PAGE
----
The Washington Post's Jennifer Rubin posited in a column on the morning of the forum that the forum was bound to be an occasion for pandering on the issue of Israel. "The temptations in these settings is to roll out every Israel cliché in the book and tell them what they want to hear. The most shopworn of these is: Move the embassy to Jerusalem! Presidential candidates say it; presidents never do it. By reiterating the line, a candidate assumes the audience is dense."
Despite Rubin's column earlier in the day, current frontrunner in Iowa Newt Gingrich conformed to Rubin's prediction. The former House Speaker Gingrich told the Washington, D.C., audience:
In a Gingrich administration, the opening day, there will be an executive order about two hours after the inaugural address. We will send the embassy from Tel Aviv to Jerusalem as of that day.
Gingrich also told the audience he'd appoint neoconservative John Bolton, a Bush administration Ambassador to the United Nations, as his Secretary of State.
Former Massachusetts Governor Mitt Romney didn't go quite as far as Gingrich in pandering, but reserved most of his fire for President Obama's Israel policy. "He’s publicly proposed that Israel adopt indefensible borders. He’s insulted its Prime Minister. And he’s been timid and weak in the face of the existential threat of a nuclear Iran." Romney also said he would try to get Iranian President Mahmoud Ahmadinejad "indicted for the crime of incitement to genocide under Article III of the Genocide Convention." Romney didn't elaborate how Ahmadinejad was committing genocide.
Rep. Ron Paul was excluded from the forum, despite polling second in Iowa and a close third in New Hampshire. “His views are what we feel are way outside the mainstream of the Republican Party,” Republican Jewish Coalition executive director Matt Brooks told the Boston Globe before the forum, explaining why Paul wasn't invited. “He has consistently articulated positions that are antithetical to those in the organization.”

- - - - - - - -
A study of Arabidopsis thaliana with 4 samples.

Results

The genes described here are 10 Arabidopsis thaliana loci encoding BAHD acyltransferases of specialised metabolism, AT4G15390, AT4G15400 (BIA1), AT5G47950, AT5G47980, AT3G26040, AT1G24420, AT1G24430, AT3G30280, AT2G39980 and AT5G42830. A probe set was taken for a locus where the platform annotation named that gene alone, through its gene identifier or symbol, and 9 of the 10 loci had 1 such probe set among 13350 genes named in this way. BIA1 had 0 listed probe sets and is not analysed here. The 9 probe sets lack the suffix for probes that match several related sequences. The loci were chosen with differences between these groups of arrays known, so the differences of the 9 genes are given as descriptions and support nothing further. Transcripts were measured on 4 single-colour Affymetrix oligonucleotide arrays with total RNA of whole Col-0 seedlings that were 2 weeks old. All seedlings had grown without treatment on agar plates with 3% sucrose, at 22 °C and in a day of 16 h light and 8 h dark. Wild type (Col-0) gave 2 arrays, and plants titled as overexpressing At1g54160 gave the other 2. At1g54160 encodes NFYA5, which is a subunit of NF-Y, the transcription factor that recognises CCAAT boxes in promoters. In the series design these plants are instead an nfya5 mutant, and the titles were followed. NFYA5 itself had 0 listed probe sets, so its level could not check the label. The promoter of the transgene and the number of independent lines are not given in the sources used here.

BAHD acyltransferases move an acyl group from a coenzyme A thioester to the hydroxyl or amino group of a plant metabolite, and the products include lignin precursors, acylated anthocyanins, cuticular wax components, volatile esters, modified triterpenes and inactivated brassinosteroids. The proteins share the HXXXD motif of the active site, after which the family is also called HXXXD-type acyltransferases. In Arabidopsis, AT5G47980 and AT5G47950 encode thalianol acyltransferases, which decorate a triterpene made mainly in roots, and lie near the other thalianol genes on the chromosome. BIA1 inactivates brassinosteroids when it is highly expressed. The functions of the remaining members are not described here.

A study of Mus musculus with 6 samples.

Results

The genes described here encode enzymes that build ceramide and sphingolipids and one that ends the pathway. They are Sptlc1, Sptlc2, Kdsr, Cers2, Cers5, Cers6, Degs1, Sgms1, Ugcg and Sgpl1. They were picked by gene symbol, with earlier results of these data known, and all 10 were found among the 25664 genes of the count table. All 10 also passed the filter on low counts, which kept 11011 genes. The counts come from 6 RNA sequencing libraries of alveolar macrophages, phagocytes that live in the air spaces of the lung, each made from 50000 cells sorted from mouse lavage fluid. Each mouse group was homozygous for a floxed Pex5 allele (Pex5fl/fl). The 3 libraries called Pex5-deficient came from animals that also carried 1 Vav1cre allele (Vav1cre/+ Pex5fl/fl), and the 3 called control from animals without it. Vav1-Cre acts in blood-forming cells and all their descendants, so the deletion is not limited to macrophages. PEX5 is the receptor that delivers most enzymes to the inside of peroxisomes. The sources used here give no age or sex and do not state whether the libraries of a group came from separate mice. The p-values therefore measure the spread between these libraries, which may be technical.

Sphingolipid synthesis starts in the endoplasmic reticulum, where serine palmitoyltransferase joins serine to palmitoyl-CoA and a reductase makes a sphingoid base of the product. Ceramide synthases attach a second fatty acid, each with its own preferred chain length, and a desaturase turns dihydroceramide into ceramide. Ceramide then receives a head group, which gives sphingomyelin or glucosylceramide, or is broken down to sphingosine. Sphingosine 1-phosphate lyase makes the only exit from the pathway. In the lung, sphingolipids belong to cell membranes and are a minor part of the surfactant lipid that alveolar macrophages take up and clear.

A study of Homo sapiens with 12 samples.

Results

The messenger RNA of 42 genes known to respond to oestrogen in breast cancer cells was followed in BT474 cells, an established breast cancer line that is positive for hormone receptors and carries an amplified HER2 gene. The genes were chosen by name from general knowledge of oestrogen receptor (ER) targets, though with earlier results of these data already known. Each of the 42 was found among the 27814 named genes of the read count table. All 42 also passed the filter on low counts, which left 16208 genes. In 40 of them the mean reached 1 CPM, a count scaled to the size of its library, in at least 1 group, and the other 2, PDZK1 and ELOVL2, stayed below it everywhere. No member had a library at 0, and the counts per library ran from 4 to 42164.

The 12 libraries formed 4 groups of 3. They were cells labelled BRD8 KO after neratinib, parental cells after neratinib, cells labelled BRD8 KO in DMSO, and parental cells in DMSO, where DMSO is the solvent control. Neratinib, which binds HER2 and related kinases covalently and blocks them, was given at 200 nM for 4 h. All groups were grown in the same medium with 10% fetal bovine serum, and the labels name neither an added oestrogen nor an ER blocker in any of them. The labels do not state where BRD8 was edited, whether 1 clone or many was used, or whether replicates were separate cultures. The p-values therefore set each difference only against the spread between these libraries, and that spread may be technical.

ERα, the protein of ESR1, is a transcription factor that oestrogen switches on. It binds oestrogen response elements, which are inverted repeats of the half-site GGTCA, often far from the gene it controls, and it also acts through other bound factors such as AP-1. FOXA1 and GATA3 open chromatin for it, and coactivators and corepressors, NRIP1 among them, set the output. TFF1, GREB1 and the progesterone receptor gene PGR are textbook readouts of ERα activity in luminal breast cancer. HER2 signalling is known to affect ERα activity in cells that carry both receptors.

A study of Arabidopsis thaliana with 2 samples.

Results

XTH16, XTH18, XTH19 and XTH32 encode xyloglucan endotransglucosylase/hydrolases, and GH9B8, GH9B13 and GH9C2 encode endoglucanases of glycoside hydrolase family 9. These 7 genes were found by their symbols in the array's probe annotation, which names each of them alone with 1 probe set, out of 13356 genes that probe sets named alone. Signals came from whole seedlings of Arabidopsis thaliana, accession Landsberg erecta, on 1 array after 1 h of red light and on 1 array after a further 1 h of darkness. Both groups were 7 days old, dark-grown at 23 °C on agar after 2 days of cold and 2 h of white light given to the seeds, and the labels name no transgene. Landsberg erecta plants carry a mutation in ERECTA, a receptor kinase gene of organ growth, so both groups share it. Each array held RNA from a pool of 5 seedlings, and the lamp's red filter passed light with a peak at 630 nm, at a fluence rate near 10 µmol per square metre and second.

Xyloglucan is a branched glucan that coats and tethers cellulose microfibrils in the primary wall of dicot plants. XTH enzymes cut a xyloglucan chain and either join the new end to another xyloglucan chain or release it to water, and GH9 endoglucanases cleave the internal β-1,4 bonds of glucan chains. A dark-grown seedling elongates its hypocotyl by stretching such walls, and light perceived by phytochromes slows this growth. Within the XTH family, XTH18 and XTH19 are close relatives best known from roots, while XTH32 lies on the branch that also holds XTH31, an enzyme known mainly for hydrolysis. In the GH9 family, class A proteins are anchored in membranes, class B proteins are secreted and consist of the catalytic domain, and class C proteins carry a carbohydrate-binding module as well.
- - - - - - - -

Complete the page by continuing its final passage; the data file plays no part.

Rep. Paul has in the past expressed opposition to all foreign aid, and said that Israel should be no exception. The day of the forum, Paul gave an interview to NewsMax.com where he said of Israel:
We should be their friend and their trading partner. They are a democracy and we share many values with them. But we should not be their master. We should not dictate where their borders will be nor should we have veto power over their foreign policy.
Paul's consistency on Israel and defense of its independence won some Jewish respect for his position, including Jeffrey Goldberg of The Atlantic, who wrote December 7: "There are good reason to include Ron Paul. He is, in one sense, a true Zionist, a believer in two core values of the Jewish liberation movement: Jewish independence and Jewish self-reliance."
Indeed, part of Paul's interview with NewsMax — conducted by Paul supporter Doug Wead — explicitly noted that Zionism requires Israeli self-reliance:
Part of the original idea of Zionism, as I understand it, was that there should be Jewish independence and Jewish self-reliance. Today, America doesn’t want anyone to be self-reliant. We want to rule the world and be the saviors of the world, and we are going broke in the process.
Rep. Paul's worldview also includes peace, friendship, and trade with all nations — but no foreign aid. "This is not just about Israel, by the way," Paul told NewsMax. "This is about how we should conduct ourselves with other countries around the world."
Also addressing the Republican Jewish Coalition conference were Texas Governor Rick Perry, Minnesota Congresswoman Michele Bachmann, former Pennsylvania Senator Rick Santorum, and former Chinese Ambassador and Utah Governor Jon Huntsman.